The folly of Super Rugby 2021

JB new author
Roar Rookie
13th August, 2020
Roar Rookie
13th August, 2020
277
4748 Reads

Super Rugby had its flaws, but it did serve to highlight certain truths: South Africa has not stopped producing work-class rugby players and Australia, largely speaking, has.

The deeper issue is that coach development stagnated in the early 2000s, and the rugby community of Australia has found no effective way to first understand and then remediate the problem.

This would, however, seem to be the least of the concerns if recent statements attributed to Rugby Australia chairman Hamish McLennan are to be believed. McLennan is reported in the NZ media saying: “Obviously the Kiwis have to buy into it and it’s not invented by them, so they might be reticent”.

The topic is much less important than the gigantic chip resting on his shoulders.

The current standoff between Rugby Australia and the New Zealand Rugby Union rests on the idea that equal participation will drive standards up in Australia.

What on earth have we discovered over the last 15 years beyond the uncomfortable truth that Australia cannot support four let alone five Super Rugby teams?

Far from taking a position of cultural superiority, the NZRU’s stance on the make-up of Super Rugby in 2021 is an acknowledgement of simple truths.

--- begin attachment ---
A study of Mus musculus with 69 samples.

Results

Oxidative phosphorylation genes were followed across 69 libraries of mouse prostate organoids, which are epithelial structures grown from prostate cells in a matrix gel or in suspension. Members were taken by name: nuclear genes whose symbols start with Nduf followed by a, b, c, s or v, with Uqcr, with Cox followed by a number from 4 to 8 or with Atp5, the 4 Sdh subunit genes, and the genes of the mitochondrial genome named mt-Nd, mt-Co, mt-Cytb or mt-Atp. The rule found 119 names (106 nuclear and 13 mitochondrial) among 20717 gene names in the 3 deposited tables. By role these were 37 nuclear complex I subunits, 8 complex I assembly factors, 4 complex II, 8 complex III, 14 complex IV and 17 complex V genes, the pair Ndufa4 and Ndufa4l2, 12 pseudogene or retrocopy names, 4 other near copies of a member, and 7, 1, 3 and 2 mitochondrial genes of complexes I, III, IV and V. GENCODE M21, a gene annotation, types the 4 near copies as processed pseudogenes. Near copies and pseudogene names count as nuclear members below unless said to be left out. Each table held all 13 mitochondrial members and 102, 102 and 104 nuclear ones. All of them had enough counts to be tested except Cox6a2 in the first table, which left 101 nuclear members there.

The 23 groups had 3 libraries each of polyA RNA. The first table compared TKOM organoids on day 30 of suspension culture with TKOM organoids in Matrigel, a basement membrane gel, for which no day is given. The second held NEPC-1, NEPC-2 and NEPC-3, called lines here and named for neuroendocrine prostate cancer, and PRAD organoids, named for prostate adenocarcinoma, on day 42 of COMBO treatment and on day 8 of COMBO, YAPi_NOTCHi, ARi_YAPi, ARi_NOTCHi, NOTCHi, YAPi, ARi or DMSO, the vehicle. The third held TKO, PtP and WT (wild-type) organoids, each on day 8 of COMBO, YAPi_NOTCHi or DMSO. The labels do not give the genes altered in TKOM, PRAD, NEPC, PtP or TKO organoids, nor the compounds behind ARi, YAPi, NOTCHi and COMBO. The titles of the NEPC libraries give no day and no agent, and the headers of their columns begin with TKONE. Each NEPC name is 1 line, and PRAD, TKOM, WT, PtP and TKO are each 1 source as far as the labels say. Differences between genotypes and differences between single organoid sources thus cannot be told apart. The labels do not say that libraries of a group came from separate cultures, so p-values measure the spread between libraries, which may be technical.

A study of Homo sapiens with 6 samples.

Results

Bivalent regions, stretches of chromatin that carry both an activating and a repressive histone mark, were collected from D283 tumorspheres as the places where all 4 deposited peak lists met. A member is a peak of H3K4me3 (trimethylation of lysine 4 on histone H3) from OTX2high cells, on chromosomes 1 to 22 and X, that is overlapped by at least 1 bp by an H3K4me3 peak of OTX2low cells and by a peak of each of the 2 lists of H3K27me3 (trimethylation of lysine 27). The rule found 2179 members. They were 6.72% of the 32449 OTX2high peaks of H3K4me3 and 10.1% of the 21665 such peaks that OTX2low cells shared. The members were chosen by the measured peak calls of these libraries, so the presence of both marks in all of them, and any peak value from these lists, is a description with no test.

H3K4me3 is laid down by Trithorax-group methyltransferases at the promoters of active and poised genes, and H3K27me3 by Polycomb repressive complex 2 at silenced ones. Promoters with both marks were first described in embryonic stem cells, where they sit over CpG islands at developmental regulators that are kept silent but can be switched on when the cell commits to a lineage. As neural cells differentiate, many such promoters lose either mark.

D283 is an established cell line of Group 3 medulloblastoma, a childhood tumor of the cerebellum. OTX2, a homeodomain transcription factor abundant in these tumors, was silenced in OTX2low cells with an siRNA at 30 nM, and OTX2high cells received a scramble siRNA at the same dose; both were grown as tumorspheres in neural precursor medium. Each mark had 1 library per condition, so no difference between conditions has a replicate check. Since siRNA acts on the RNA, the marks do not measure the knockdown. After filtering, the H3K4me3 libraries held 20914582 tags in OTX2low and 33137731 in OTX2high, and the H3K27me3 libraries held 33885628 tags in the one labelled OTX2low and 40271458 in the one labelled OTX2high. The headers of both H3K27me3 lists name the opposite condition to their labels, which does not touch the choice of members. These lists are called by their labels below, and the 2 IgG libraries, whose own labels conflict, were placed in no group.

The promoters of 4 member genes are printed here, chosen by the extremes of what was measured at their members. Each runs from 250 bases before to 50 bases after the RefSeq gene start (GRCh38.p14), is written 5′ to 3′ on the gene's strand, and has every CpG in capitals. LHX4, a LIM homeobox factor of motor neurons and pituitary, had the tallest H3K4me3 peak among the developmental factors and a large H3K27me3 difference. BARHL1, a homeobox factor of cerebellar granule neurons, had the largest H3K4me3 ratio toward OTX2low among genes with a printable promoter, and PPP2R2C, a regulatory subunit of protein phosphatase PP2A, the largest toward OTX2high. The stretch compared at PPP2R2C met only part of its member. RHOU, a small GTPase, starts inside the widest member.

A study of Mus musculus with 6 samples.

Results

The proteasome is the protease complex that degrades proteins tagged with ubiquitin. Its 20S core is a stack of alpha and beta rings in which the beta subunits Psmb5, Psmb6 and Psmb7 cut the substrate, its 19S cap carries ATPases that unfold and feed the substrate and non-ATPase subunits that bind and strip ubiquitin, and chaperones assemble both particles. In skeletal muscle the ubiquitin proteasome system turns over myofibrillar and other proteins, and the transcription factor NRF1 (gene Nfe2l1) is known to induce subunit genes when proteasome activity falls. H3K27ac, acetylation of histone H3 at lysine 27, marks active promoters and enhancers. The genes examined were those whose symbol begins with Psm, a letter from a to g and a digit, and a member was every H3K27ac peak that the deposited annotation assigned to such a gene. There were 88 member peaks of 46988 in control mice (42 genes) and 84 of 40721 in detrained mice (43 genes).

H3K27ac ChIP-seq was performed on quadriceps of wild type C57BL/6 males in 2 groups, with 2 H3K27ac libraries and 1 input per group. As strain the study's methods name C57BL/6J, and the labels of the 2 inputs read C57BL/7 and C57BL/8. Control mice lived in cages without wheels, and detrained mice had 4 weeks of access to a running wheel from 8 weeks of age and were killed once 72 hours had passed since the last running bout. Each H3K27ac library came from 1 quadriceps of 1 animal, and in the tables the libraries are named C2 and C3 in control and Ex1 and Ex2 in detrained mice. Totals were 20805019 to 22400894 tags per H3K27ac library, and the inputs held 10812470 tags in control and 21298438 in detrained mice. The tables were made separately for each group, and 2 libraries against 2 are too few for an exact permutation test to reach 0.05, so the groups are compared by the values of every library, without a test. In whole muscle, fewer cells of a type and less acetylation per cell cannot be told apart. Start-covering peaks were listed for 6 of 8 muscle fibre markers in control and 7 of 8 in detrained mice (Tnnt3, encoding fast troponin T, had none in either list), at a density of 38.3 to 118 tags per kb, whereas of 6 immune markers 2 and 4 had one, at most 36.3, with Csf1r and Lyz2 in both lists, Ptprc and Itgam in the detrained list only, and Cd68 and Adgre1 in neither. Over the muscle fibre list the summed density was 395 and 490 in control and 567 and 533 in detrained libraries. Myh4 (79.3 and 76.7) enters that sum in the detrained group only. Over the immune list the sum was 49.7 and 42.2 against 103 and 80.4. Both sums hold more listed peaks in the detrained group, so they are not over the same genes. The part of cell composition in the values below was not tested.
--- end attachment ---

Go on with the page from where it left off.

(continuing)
Sean Wainui

(Photo by Teaukura Moetaua/Getty Images)

The crowds in Super Rugby Aotearoa are the highest is many years and in combination with vastly superior TV audiences, this allows for no other conclusion than fans will pay for nothing less than high-intensity, high-skill slugfests.


It has amused and amazed in equal measure how the parallels between different trans-Tasman competitions have not been learnt.

Rugby, by virtue of its depth in Aotearoa, is the only sport that can command an uneven participation base in NZ’s favour.

NZ provides a single franchise in each of the Australian football, baseball, basketball and rugby league competitions ostensibly because the performance outcomes dictate that this should be so.

It is not impossible to believe that Aotearoa could have more NRL teams or another NBL team, but not before success suggests there is the sporting infrastructure to support it.


But perhaps the greatest single ingredient is self awareness. Without a sense of one’s strengths and one’s vulnerabilities, we are highly unlikely to develop the culture to support the systems and resources needed to elevate the entire community.

There are some who believe the low water mark in NZ rugby was the period between 1998 and 2003.

I propose that Australian rugby has been watching its own tide ebb since that time, and the principal reason it continues to do so is a fatal lack of self awareness.

It is time for Australian rugby to mature and acknowledge its truths.